Houthi drone control center destroyed in Yemen as US condemns Lahaj attack

A wounded Yemen soldier moments after a Houthi drone explodes above Yemen's Al-Anad airbase on Jan.10 2019 . (AFP)
Updated 12 January 2019

  • Strike comes after six people were killed when the Houthis exploded a drone above a military parade in Lahaj
  • United States on "strongly condemned" the attack at Al-Anad Air Base

JEDDAH: A Houthi communications center controlling drones has been destroyed, the Arab coalition supporting the legitimate government in Yemen said Friday.

The location of the drone control center was formerly occupied by a Yemeni communications company but was then taken over by Houthi militia who turned it into an operations center.

On Thursday, six people were killed when the Houthis exploded a drone above a military parade in Lahaj province.

The United States on Friday "strongly condemned" the attack at Al-Anad Air Base, which jeopardizes a ceasefire for the port of Hodeidah agreed at talks in Sweden last month.

"This attack contravenes the spirit of the Hodeidah ceasefire and the progress made last month at the UN-led talks in Sweden," the State Department said. "We urge all sides to honor the commitments they made in Sweden to their fellow Yemenis by refraining from violence and provocative acts."

The escalation came after the UN envoy to Yemen, Martin Griffiths this week warned "substantial progress" was needed on the ground before full-blown negotiations could be launched on ending the civil war.

Britain on Friday presented a UN Security Council draft resolution that would expand the international observer mission monitoring the Hodeidah ceasefire and allow humanitarian aid to reach millions.
The council is expected to vote on the measure next week, diplomats said.
The mission would provide for the deployment of up to 75 monitors in the rebel-held city of Hodeida and its port along with the ports of Saleef and Ras Issa for an initial period of six months, AFP reported.
Secretary-General Antonio Guterres to "expeditiously" deploy the full mission, led by retired Dutch General Patrick Cammaert.
Meanwhile, a large explosion took place at an oil refinery in Aden on Friday evening, Al Arabiya reported. The cause of the blast was unclear


Turkey sentences detained judge who won human rights award to 10 years

Updated 2 min 25 sec ago

  • The Council of Europe human rights body in 2017 gave Arslan, who was detained at the time, the Vaclav Havel Human Rights Prize
  • The decision prompted Turkey to say it would cut back its funding to the body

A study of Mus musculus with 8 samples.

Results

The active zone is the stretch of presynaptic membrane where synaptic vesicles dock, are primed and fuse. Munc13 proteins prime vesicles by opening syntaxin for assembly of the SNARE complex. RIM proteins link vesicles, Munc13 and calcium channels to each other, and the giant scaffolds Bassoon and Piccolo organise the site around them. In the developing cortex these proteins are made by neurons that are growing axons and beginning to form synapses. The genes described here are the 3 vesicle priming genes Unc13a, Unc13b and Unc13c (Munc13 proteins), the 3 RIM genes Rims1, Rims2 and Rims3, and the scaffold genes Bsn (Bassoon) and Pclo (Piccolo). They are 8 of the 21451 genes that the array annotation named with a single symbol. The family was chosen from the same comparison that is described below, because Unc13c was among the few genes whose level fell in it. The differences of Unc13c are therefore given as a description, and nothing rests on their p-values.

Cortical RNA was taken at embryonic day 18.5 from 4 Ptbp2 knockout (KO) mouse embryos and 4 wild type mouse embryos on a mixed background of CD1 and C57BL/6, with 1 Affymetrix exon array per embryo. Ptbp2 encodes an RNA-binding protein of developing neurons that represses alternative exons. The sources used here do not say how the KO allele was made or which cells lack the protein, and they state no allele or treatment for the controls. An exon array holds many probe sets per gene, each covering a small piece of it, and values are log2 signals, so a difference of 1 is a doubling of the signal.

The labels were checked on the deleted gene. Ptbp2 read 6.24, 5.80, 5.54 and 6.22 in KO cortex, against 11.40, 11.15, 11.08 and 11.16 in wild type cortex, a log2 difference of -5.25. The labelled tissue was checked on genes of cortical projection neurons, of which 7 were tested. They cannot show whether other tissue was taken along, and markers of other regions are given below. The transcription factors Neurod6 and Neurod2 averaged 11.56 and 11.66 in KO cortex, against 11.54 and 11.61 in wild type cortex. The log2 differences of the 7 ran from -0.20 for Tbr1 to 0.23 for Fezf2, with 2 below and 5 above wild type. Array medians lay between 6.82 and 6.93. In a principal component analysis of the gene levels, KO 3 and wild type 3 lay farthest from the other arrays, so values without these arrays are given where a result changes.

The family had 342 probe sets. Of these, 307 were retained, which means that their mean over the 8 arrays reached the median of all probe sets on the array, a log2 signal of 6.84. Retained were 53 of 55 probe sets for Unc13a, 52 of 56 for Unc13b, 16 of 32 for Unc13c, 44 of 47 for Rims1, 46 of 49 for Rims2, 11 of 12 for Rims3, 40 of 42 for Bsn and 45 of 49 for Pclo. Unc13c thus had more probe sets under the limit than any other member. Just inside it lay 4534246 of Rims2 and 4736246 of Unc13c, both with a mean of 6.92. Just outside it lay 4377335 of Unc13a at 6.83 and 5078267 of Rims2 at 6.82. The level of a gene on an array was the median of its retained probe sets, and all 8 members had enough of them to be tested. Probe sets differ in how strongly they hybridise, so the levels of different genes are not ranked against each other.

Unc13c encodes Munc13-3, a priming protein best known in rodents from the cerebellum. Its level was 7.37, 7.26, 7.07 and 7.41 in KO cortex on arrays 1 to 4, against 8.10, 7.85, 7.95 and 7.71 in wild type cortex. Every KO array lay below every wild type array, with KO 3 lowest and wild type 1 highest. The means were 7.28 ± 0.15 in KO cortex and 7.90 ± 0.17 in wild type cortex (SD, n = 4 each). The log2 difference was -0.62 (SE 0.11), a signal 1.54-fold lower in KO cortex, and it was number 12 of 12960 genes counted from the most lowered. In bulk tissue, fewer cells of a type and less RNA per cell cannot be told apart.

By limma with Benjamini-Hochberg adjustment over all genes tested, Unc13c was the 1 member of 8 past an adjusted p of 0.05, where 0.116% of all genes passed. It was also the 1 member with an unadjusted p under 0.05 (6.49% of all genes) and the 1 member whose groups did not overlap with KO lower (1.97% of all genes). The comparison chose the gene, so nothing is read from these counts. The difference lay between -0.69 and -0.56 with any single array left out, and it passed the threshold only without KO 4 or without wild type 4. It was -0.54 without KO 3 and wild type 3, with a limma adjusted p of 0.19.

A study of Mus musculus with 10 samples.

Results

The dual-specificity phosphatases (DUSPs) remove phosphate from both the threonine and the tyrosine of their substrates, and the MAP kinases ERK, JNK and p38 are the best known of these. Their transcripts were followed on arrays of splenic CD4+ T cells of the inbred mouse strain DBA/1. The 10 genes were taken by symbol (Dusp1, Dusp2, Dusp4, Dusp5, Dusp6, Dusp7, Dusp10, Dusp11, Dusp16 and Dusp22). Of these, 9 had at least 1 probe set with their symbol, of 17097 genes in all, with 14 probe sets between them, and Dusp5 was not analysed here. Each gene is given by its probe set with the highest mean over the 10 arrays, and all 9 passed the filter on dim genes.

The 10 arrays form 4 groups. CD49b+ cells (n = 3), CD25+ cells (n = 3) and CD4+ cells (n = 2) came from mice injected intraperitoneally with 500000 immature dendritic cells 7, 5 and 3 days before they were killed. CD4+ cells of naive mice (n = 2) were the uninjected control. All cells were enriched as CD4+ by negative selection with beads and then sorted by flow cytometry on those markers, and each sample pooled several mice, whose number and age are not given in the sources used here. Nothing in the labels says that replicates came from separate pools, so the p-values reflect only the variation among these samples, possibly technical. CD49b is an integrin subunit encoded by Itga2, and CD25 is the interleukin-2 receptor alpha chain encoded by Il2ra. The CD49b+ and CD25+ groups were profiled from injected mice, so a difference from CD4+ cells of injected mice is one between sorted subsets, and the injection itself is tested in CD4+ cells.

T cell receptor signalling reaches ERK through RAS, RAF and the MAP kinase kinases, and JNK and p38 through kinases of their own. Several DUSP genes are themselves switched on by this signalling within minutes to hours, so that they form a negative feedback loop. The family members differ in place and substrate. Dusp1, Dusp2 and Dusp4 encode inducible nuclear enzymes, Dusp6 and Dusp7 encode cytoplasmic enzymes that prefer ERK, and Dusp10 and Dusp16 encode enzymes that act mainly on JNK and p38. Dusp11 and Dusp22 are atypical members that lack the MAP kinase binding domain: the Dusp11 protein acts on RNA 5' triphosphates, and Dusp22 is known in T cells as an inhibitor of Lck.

ANKARA: A Turkish court sentenced a judge who previously won an award for human rights to 10 years in prison over links to the network Ankara says orchestrated an attempted coup in 2016, the state-owned Anadolu news agency said on Friday.
Murat Arslan, who has been detained for 22 months, was convicted of membership in an armed terrorist organization, after prosecutors charged him with use of the encrypted messaging app ByLock, Anadolu said.
Arslan has denied the charges and said any evidence that he had used the app was “fabricated,” Anadolu said.
The government says the outlawed app was widely used by followers of the US-based cleric Fethullah Gulen, whom it blames for the attempted coup that saw rogue soldiers commandeer tanks and aircraft, attacking parliament and killing some 250 unarmed civilians.
Gulen, a former ally of President Tayyip Erdogan who has lived in self-imposed exile in the United States since 1999, has condemned the coup and denied any involvement with it.
The Council of Europe human rights body in 2017 gave Arslan, who was detained at the time, the Vaclav Havel Human Rights Prize, a decision that prompted Turkey to say it would cut back its funding to the body.
Arslan was the former head of Turkey’s Judges and Prosecutors Union, a civil legal association that was shut down by government decree in the wide crackdown that followed the coup attempt.
Since the failed coup, authorities have formally arrested some 77,000 people and sacked or suspended more than 150,000 soldiers, civil servants and more over alleged links to the coup attempt, including alleged users of ByLock.
Rights groups and Turkey’s Western allies have voiced concern over the scale of the crackdown, saying President Tayyip Erdogan was using the putsch as a pretext to quash dissent.
The government, however, says the security measures are necessary due to the gravity of the threat it faces from Gulen’s network.